01:58 - Source: CNN
ISIS is defeated in Dabiq

Story highlights

ISIS was driven from Dabiq in the last several days

But there are still many dangers, including mines, booby-traps and IEDs

CNN  — 

US military officials have received a tip that the remains of one or more American hostages killed by an ISIS operative known as “Jihadi John” may be buried in Dabiq, Syria, CNN has learned.

Military officials are now weighing whether it is possible to send American personnel to Dabiq to investigate further.

Since some areas of northern Syria have been liberated from ISIS, and there are US Special Operations Forces in the area, it opens the door to potentially finding the remains of Americans killed in Syria.

US officials would not specify where the tip about Dabiq came from. But several defense officials have confirmed to CNN that they are looking at an initial intelligence report that suggests some US remains may be buried in that area.

Military officials are strongly emphasizing nothing is yet confirmed.

“We have some scraps of information that make us want to find out more,” one official told CNN.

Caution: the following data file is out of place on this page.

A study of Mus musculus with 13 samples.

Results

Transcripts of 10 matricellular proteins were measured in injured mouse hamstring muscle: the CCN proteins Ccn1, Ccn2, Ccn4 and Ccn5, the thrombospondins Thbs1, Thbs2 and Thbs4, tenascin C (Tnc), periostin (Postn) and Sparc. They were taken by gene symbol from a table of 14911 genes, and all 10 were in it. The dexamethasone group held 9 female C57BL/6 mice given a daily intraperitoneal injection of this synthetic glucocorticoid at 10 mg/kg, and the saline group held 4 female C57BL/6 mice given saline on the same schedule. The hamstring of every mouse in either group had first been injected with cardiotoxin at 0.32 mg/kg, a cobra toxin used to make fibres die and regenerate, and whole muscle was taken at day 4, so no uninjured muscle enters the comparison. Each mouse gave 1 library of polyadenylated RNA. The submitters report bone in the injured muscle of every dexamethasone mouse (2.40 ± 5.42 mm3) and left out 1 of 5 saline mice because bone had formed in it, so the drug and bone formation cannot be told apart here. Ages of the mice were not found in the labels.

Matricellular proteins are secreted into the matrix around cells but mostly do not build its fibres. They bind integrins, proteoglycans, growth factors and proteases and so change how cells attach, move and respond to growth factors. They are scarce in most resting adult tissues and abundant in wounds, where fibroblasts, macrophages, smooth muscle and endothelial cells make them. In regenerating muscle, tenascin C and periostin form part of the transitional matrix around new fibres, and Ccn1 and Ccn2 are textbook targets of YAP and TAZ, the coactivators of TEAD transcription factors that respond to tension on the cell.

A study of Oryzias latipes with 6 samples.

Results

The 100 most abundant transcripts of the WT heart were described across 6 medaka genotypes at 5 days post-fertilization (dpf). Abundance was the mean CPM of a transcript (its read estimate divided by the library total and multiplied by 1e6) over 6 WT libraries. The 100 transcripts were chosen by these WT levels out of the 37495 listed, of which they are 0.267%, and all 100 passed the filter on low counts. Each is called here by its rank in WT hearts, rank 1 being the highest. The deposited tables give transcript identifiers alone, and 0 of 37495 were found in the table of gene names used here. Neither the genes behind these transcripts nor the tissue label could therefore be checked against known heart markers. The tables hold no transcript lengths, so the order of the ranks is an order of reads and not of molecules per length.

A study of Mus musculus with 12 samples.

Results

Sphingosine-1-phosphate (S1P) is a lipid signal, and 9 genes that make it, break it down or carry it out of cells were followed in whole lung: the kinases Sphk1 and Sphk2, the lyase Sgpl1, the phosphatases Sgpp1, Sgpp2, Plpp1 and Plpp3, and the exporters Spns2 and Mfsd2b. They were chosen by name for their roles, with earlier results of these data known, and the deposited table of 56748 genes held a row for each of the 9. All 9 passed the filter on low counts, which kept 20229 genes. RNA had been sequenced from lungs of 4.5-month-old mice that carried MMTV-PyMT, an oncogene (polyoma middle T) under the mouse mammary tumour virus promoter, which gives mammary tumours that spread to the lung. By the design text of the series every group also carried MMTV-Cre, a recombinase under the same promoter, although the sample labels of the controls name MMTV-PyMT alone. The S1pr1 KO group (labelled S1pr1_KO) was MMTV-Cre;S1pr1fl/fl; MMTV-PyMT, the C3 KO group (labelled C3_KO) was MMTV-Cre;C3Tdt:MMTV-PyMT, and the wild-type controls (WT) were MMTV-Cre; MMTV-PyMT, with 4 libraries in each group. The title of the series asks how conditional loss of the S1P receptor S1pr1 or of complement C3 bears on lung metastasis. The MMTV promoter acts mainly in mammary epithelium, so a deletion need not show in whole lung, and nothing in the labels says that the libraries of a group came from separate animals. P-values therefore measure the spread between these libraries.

They also noted the sensitivities for the families of the victims, because it’s not clear if the tip will pan out.

ISIS was driven from Dabiq in the last several days, for the first time making it feasible to send a US team to the city.

But there are still many dangers, including mines, booby-traps and improvised explosive devices left behind by ISIS.


Jihadi John was one of the early English-speaking voices of the group. A Kuwaiti-born man with a British accent named Mohammed Emwazi, he was killed in a US airstrike in Raqqa, Syria, in late 2015.

It’s not verified when Emwazi might have been in Dabiq. He was first widely seen in August 2014 in a video posted online that showed him with a knife threatening US journalist James Foley. The video ends by showing Foley’s decapitated body.

Emwazi also is believed to have played a role in the beheadings of American journalist Steven Sotloff, British aid worker David Haines, British volunteer Alan Henning, US aid worker Abdul-Rahman Kassig and Japanese journalist Kenji Goto.